ALBUQUERQUE, N.M. (AP) — The U.S. Air Force still hasn't determined the extent of contamination from a fuel leak discovered 15 years ago at a New Mexico base, and it wants some reports it compiled on the leak tossed, according to a letter from a base commander to stage regulators.
In an Aug. 27 letter to the New Mexico Environment Department, base commander Col. Tom Miller asked to formally withdraw thousands of pages of reports on the Kirtland Air Force Base leak that the Air Force submitted to state regulators in March, the Albuquerque Journal reported (http://goo.gl/RRaf57 ).
The letter cites clerical errors and "data gaps" and says additional analysis is needed.
Officials say among the data gaps is a lack of information about how deep into Albuquerque's aquifer the contamination has reached. They know it has spread out at least a mile under an Albuquerque neighborhood, but they remain uncertain about its depth, officials said.
The Air Force agreed it needed to drill more monitoring wells in the southeast Albuquerque neighborhood adjacent to the base to try to answer that question. The wells will be drilled near Gibson and Louisiana SE, between known areas of contamination and the nearest drinking water wells.
Officials with the Albuquerque Bernalillo County Water Utility Authority repeatedly have pressed for answers to the depth question.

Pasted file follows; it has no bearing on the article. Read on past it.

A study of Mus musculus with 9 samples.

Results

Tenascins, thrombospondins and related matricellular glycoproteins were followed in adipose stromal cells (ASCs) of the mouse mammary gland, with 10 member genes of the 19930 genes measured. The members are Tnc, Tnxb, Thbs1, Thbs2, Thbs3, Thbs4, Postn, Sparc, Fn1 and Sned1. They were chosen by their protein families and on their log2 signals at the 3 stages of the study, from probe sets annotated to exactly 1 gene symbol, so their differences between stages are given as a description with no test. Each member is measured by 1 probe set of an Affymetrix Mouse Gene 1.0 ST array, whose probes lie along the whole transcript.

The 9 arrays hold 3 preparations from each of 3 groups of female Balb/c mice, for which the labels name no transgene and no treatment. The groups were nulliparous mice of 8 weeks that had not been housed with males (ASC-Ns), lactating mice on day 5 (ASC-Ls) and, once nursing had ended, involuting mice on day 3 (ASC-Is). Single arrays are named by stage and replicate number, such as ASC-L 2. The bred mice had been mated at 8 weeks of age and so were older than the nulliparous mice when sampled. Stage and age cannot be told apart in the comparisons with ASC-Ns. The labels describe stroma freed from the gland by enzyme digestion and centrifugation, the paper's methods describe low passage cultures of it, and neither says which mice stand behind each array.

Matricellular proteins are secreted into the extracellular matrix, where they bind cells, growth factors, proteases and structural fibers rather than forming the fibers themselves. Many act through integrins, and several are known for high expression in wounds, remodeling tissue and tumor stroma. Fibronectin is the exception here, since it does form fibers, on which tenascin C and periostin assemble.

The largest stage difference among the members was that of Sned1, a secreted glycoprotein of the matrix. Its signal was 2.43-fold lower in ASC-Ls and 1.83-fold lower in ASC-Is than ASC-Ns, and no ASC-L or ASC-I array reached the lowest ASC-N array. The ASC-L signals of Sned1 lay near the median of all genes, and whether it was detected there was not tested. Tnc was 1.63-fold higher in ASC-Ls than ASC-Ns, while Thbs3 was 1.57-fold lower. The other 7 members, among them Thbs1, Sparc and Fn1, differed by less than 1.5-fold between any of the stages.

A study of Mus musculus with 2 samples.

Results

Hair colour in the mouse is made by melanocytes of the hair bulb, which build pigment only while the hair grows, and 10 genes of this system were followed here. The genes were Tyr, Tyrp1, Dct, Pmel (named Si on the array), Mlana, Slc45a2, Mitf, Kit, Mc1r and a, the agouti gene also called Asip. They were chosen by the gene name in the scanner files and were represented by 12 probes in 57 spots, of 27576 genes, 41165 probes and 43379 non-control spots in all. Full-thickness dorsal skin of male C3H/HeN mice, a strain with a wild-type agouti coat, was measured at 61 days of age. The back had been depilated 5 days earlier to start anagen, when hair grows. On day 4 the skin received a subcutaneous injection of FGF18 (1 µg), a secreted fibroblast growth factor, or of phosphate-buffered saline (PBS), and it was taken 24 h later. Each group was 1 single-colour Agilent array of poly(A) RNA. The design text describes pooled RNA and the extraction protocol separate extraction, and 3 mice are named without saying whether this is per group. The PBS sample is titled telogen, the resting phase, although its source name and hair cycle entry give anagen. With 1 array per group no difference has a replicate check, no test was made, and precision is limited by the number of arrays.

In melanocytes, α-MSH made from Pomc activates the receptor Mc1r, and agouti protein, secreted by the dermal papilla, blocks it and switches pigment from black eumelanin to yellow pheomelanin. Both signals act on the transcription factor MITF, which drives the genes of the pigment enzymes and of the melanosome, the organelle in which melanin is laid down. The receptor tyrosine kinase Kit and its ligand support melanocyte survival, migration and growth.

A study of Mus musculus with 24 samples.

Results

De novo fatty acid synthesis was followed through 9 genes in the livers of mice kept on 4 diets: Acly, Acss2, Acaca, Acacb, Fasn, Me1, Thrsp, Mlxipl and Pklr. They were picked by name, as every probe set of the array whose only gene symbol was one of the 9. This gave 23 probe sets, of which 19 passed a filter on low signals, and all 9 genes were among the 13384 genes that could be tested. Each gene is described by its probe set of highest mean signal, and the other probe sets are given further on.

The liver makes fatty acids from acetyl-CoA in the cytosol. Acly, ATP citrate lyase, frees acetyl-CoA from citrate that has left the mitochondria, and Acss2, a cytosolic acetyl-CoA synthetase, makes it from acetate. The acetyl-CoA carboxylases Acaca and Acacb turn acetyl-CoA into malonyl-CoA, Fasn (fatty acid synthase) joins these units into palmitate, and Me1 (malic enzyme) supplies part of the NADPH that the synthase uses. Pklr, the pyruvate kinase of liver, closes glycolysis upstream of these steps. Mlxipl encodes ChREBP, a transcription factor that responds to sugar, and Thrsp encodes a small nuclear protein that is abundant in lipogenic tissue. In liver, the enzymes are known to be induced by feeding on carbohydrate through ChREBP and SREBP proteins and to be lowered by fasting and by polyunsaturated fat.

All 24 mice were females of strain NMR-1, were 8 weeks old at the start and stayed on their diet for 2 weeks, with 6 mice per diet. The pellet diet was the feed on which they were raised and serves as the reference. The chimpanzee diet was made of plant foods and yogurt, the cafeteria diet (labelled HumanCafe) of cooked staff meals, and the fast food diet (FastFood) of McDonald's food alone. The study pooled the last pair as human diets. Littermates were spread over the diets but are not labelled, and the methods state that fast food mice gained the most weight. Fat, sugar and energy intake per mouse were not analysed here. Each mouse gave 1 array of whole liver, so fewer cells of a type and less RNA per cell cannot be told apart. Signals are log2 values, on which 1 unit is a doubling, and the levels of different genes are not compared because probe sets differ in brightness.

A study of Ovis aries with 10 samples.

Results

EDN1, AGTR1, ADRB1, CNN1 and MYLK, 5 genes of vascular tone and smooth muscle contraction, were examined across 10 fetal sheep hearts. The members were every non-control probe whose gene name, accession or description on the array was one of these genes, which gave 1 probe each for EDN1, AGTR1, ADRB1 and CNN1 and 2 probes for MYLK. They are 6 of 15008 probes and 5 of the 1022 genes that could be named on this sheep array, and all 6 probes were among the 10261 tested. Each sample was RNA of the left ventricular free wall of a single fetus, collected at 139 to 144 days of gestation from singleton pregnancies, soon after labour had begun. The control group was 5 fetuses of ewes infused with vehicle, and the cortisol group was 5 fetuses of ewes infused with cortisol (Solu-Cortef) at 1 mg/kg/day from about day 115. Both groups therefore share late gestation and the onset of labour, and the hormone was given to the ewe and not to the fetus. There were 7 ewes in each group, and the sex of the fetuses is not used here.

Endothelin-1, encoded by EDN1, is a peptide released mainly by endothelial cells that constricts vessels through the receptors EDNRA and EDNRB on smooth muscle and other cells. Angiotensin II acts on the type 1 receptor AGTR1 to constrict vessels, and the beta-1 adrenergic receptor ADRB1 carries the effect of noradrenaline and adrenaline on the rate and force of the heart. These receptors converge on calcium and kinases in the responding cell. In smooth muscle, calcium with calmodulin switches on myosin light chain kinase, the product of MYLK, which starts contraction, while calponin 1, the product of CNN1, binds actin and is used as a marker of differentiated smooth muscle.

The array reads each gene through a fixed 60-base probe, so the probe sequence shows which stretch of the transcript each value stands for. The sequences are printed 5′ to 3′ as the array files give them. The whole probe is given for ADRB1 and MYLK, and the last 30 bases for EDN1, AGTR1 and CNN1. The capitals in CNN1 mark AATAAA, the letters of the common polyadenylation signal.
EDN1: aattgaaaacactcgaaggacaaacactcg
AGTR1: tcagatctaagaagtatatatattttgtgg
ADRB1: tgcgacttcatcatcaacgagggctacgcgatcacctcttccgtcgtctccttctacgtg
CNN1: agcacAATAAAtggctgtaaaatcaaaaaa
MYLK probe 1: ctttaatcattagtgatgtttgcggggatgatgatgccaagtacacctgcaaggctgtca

"I have been asking for that for probably three years," said Maggie Hart Stebbins, who represents the area on the Bernalillo County Commission and serves on the water utility board of directors.
State regulators say the new wells will help clarify the best way to approach halting the spread of contamination toward Albuquerque's groundwater.
"Filling the data gaps identified by the Air Force will ultimately aid in accelerating the cleanup process and lead to more effective final measures," Environment Department spokeswoman Jill Turner said in a written statement.
The spill was discovered in 1999 when Kirtland officials found a leaking pipe. It contaminated groundwater beneath Kirtland and southeast Albuquerque.
Two years later, base workers found contamination in a groundwater monitoring well and, by 2007, they realized that a substantial amount of fuel had migrated through soil layers more than 500 feet and was floating atop the groundwater.